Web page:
Three candidates are running in a special election for a seat on the Dane County Board in the 17th District, which covers parts of Madison’s East and Far East sides. Former Sup. Jeff Pertl left the board earlier this year when he was appointed deputy secretary of the state Department of Children and Families. The top two vote-getters in the May 7 primary will face off in a June 4 election.

David Ahrens

Age: 68

Address: 4117 Major Ave.

Family: Married with one son, one grandchild and another on the way

Job: Retired research program manager at UW School of Medicine and Public Health

Prior elected office: 2013-2019 Madison City Council member

Other public service: Tutor, Allis Elementary; board member, Community Action Coalition; numerous neighborhood associations

Education: Master’s degree in science in labor economics, UW-Madison

Kristen Audet

Age: 33

Address: 4045 Rockwell Drive

Family: Rescue pets

Job: Regulatory compliance and quality specialist, UW Organ & Tissue Donation

Prior elected office: None

Other public service: I have been employed in state service for all of my professional career, first at the University of Wisconsin, then at the state Department of Health Services, and currently at UW Health. Foster home and social media manager, Underdog Pet Rescue of Wisconsin; leader, Equal Justice Foundation; co-president, Environmental Law Society; coordinator, Citizen Lawyer Program/Civic Engagement

Education: Bachelor’s degree in English, Grinnell College; master’s degree in public health, University of Iowa College of Public Health; law degree, University of Iowa College of Law

Amanda McKaig

Age: 32

Address: 3709 Dennett Drive

Family: Engaged

Job: Peer supporter and early educator

Prior elected office: None

Other public service: Secretary, Dane County TimeBank board

Education: Infant and toddler credential, UW-Platteville; associate degree in liberal studies, Madison College

Q&A

Why are you the best candidate to represent the district?

Ahrens: I have the experience and shown the commitment to aggressively represent the district. The Capital Times described my six years as a City Council member: “David Ahrens has been an exceptionally hard-working member of the Council. He has not been afraid to ask tough questions and wade into contentious debates.” I have years of experience with county government and serving communities.

Audet: My experience with policy and regulations, government bodies and emergency management has prepared me well for this role. As County Executive Joe Parisi emphasized: “Kristen knows the key to getting things done in local government is one’s ability to collaborate. Her ability to problem-solve in a positive, productive manner will serve us well on the Dane County Board.”

McKaig: I’m District 17’s best candidate because I truly care about our community. I was raised in Dane County. It’s my home. I’m a great listener, and want the voices of our residents to be heard. It’s time to come together as neighbors, and get to know one another. My goal is to make lasting connections while facilitating positive countywide growth.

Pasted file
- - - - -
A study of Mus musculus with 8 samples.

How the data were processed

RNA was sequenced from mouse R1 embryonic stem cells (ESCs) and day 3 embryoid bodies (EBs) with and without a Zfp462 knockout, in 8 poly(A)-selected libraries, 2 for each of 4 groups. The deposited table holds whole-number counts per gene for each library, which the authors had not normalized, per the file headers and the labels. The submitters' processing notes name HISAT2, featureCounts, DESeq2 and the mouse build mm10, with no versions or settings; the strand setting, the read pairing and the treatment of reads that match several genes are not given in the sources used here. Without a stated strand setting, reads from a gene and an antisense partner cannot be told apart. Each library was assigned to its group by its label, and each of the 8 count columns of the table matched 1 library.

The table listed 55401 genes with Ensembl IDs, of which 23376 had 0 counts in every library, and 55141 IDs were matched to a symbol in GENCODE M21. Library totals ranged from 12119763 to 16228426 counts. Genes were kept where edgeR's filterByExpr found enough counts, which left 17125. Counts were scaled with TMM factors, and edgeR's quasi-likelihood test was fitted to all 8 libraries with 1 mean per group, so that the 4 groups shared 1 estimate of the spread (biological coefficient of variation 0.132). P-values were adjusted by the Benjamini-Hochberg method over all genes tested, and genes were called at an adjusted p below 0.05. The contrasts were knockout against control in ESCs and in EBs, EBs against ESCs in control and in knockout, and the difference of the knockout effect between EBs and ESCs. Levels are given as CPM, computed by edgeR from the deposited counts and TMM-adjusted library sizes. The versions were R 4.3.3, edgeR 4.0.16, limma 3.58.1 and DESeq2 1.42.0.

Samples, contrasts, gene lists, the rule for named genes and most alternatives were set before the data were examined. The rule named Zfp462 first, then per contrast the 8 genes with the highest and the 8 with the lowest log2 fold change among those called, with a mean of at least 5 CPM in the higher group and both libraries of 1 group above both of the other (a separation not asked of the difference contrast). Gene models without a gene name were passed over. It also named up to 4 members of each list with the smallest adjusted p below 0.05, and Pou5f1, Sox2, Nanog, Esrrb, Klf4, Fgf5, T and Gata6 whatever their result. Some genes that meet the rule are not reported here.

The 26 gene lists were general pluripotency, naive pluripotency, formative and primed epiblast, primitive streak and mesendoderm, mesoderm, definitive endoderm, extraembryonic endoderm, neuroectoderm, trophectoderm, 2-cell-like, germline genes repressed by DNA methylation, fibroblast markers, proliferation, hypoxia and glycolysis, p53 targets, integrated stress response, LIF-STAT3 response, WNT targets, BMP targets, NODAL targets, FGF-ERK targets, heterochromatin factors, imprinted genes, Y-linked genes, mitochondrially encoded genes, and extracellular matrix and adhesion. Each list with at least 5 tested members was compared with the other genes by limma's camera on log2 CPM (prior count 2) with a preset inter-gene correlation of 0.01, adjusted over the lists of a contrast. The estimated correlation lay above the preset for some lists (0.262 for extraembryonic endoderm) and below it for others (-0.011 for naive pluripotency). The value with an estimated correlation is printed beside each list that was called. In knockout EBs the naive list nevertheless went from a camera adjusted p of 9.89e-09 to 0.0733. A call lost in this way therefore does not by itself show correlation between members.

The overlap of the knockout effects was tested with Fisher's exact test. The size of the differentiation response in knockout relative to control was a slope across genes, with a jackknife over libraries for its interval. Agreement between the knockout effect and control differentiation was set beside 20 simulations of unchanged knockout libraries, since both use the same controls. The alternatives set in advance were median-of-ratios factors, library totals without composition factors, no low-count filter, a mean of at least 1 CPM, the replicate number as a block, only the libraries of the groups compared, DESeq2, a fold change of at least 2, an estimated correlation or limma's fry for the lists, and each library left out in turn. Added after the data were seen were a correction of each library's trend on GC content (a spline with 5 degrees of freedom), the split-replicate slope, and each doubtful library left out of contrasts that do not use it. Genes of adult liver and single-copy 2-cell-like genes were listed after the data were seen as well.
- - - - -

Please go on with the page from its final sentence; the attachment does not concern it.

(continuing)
What is the most pressing issue facing your district, and how would you address that issue?

Ahrens: County responsibility for repair of Buckeye and Cottage Grove Road to improve safety in driving and for pedestrians. Support of intercity transit such as regular bus service from Cottage Grove to Madison that would reduce traffic and housing pressure in the city. Support of affordable housing targeted to lower-income seniors who cannot afford property taxes.

Audet: Dane County needs to support and nurture kids through their entire lives. First, we need affordable housing/transportation/childcare services. Next, we need programs outside of schools for kids to learn and grow from a young age. Last, we need to make sure that Dane County remains affordable for these same children to stay here and raise their own families.

McKaig: I feel the most pressing issue facing District 17 is our environment. This includes runoff into our lakes. We need to come together, be more aware of our actions, and learn how they affect those around us. I would address the issue by being an active committee member, and invite residents of our community to do the same.

What do you think the county is doing well, and what should the county be doing better?

Ahrens: Dane County is a leader in environmental remediation of our lakes and in moving towards zero-carbon operations through its use of renewable energy. It must take on the challenge of constructing a new jail and a facility where individuals with serious mental illness can be diverted and begin treatment. Both are very costly but must be a priority.

Audet: We’re working to reduce the effects of climate change with new initiatives like the landfill biogas facility. We remain focused on reducing greenhouse gas emissions, which is critical for our community and environmental health. The county can better connect with and engage residents and I am eager to see this improve through the 2019 Engage Dane Action Plan.

McKaig: I feel our county is leading the way in Health and Human Services. There is always room for improvement, but what I think the county could focus on improving is communication. We live in an extremely busy world. The county needs to rethink how to best get residents involved, and keep them informed about changes now and looking forward.